Shares in the Indianapolis-based drugmaker rose as much as 5.5 percent Tuesday morning after the announcement.

The drug, called necitumumab, met the primary endpoint of increasing overall survival in a trial involving 1,093 patients with non-small cell lung cancer whose disease had spread, the company said in a statement. Necitumumab was tested in patients with a type of tumor known as squamous cell carcinoma.

If approved, the drug would be a potent boost to Lilly’s product portfolio. It would also mean a critical new therapy for a cancer that’s proven difficult to treat with drugs such as Avastin that directly target tumors, as opposed to more broadly active chemotherapy drugs.

“This is a clear upside surprise,” Mark Schoenebaum, an analyst with ISI Group LLC, said in a note to clients.

Next year, Lilly plans to release full results from the study at a scientific meeting and anticipates submitting it to regulatory authorities. Non-small cell lung cancer accounts for about 85 percent of lung cancer, and patients with squamous cell carcinoma make up about 30 percent of those patients. Lung cancer is the leading cause of cancer death in the U.S.

“If apprved, necitumumab could be the first biologic therapy indicated to treat patients with squamous lung cancer,” Richard Gaynor, vice president, product development and medical affairs for Lilly Oncology, said in a prepared statement.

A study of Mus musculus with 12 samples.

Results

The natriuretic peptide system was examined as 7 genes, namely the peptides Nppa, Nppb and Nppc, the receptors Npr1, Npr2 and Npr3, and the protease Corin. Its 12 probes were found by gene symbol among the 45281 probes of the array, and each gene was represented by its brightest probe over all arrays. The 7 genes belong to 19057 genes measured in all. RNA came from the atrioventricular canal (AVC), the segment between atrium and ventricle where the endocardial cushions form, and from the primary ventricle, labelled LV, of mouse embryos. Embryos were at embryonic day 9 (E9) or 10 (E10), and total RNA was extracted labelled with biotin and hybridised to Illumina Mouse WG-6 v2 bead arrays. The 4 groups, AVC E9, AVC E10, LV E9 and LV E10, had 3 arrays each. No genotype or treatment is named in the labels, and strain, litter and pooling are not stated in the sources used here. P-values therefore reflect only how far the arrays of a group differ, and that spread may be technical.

Lilly shares were up 4.4 percent, to $55.93 each at 10:46 a.m. The shares have gained 26 percent in the last 12 months as of Monday’s close.

Analysts had “basically zero” expectations for necitumumab, Schoenebaum said in his note. The drug failed in a prior non-squamous lung cancer trial, he said.

“We really need to see the full data to understand risk/benefit,” Schoenebaum said.

The most common adverse events seen in the study included rash. Less frequent, yet serious, side effects included blood clotting, Lilly said.

 


  2. I think perhaps there is legal precedence here in that the laws were intended for family farms, not pig processing plants on a huge scale. There has to be a way to squash this judges judgment and overrule her dumb judgement. Perhaps she should be required to live in one of those neighbors houses for a month next to the farm to see how she likes it. She is there to protect the people, not the corporations.

  3. http://www.omafra.gov.on.ca/english/engineer/facts/03-111.htm Corporate farms are not farms, they are indeed factories on a huge scale. The amount of waste and unhealthy smells are environmentally unsafe. If they want to do this, they should be forced to buy a boundary around their farm at a premium price to the homeowners and landowners that have to eat, sleep, and live in a cesspool of pig smells. Imagine living in a house that smells like a restroom all the time. Does the state really believe they should take the side of these corporate farms and not protect Indiana citizens. Perhaps justifiable they should force all the management of the farms to live on the farm itself and not live probably far away from there. Would be interesting to investigate the housing locations of those working at and managing the corporate farms.

  4. downtown in the same area as O'malia's. 350 E New York. Not sure that another one could survive. I agree a Target is needed d'town. Downtown Philly even had a 3 story Kmart for its downtown residents.

  5. Indy-area residents... most of you have no idea how AMAZING Aurelio's is. South of Chicago was a cool pizza place... but it pales in comparison to the heavenly thin crust Aurelio's pizza. Their deep dish is pretty good too. My waistline is expanding just thinking about this!